Once again, the thrill-o-meter’s needle nudged a maximum reading for the entirety of Maine-Endwell vs. Binghamton. And for the second time in a shade over a month, the Spartans had the better of things — by a whisker or so.
Senior forward Chris Heimes contributed 11 points, 12 rebounds and damn-near his last bit of energy to a 49-47 win that left M-E a leg up on the Patriots with regard to Southern Tier Athletic Conference basketball playoffs.
Though they led for the final 4 minutes and 50 seconds, the Spartans weren’t clear to celebrate until a corner jump shot by Eginhard Jean Philippe caromed off the back rim as time expired.
The teams have scrapped thrice, and a combined nine points have separated them.
Clutch Field Goal of the Game honors go to 6-foot-7 Heimes, who accepted Jake Sinicki’s penetrating feed and, with 19 seconds on the game clock and 1 on the shot clock, canned a hurried-but-controlled short baseline jump shot for a 47-44 advantage.
Though thrust unexpectedly into a make-or-bust role in the frenetic possession, Heimes’ improvisational delivery dropped without so much as a graze of iron.
Sinicki then made a steal high on the perimeter and, after being whacked immediately, hit both free throws for a five-point lead with 11.8 seconds left.
But back stormed Binghamton with a 3-point goal from the corner by Seth West and it was a two-point difference with 7.5 left. The Spartans’ Kyle Gallagher misfired from the line with seven seconds to play, leaving the Pats that final opportunity.
M-E (8-2) improved to a 7-1 STAC record and leads fellow Metro Division member Binghamton by one in the loss column. There’ll be room for one of the two in conference playoffs next month — meaning STAC’s second-best team will not participate.
Binghamton’s Jamie Curtis, a 5-11 senior whose inside-outside effectiveness and aggressive offensive nature bedeviled M-E for a third consecutive game, closed with a team-high 18 points. The second of his 3-point goals — jab-step teaser, step-back and launch — drew the Pats within a point with 1:54 to play.
“When we played (Dec. 30) in the Arena, they got way too many offensive rebounds and we weren’t tough down the stretch,” Heimes said. “In practice, coach emphasized being tough and disciplined, and we were.”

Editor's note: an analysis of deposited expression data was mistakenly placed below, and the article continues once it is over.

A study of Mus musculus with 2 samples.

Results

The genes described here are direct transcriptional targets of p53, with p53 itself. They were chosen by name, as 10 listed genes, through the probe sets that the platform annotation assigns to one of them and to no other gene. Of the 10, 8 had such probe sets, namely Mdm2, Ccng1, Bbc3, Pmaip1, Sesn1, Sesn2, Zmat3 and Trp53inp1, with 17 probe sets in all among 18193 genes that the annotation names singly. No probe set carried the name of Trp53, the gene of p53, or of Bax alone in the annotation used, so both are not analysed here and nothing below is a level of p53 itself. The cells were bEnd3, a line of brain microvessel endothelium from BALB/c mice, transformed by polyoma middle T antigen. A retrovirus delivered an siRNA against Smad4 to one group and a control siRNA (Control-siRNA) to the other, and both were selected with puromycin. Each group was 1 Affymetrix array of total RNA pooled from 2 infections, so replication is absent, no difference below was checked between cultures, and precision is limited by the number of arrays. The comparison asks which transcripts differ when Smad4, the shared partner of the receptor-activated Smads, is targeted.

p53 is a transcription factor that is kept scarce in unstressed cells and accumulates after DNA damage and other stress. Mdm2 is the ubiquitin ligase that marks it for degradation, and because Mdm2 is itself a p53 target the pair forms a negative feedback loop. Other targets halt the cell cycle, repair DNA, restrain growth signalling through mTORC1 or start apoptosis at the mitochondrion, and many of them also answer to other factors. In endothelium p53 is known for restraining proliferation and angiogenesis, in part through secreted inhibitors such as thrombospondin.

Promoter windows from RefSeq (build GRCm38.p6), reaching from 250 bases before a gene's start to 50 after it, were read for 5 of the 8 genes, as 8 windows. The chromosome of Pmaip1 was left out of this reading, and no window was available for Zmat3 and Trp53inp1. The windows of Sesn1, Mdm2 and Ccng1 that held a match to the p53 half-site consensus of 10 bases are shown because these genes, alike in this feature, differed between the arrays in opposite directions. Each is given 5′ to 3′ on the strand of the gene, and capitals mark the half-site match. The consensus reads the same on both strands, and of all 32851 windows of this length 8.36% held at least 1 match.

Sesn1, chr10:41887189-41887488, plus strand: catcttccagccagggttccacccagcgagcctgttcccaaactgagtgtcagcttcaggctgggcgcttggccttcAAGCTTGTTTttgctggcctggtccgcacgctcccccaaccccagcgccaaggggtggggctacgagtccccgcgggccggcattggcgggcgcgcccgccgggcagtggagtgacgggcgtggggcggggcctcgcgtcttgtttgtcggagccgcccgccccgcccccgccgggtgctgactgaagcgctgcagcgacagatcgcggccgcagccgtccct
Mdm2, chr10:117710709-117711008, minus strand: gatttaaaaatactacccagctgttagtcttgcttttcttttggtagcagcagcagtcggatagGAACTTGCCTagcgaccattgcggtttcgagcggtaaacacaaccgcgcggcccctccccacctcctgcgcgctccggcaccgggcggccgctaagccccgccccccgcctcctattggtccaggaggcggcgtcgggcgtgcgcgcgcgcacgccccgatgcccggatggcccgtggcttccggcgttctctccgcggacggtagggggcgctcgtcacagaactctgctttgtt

That Heimes would play a primary role in this game was established when he scored seven points in a three-minute stretch of the second quarter, two of the goals assisted by a driving Adam Gallagher.
Heimes was scoreless in the third, though his efforts featured a notable lunge to the deck to secure a free ball and signal timeout with a couple minutes left. Suffice to say the big guy was deserving of a hearty post-game meal followed by a pull of his alarm clock’s plug.
“We kind of tweaked how we played offensively, we did a lot more off the dribble and put him in a position to maybe get some drop-offs and some offensive-rebounding opportunities — and he was an animal around the glass,” Spartans coach Bill Ocker said.
Binghamton took a 37-35 lead into the final quarter courtesy of a Andre Yevchinecz’s conversion inside off a penetrating jump-feed from KJ Rose with two seconds remaining.
The scoreboard displayed Binghamton’s largest lead, 33-28, midway through the third when Yevchinecz finished in transition. Those were the last of eight consecutive Patriots points that included goals by Curtis on a strong drive to the rim and on a gimme off an M-E giveaway.
M-E was ahead for keeps once Kyle Gallagher’s third and final 3-point success made it 41-39 with 4:50 remaining — and kid brother Adam charged forcefully to the hole to make it a four-point spread 33 seconds later.
Sinicki, a 6-5 junior who continues to play through a knee ailment, closed with 11 points in an outing that suggested he’ll be a significant factor through the season’s second half.
Point guard Rose added 13 points for Binghamton against an M-E squad clearly bent on utter refusal to permit him anything easy around the backboard.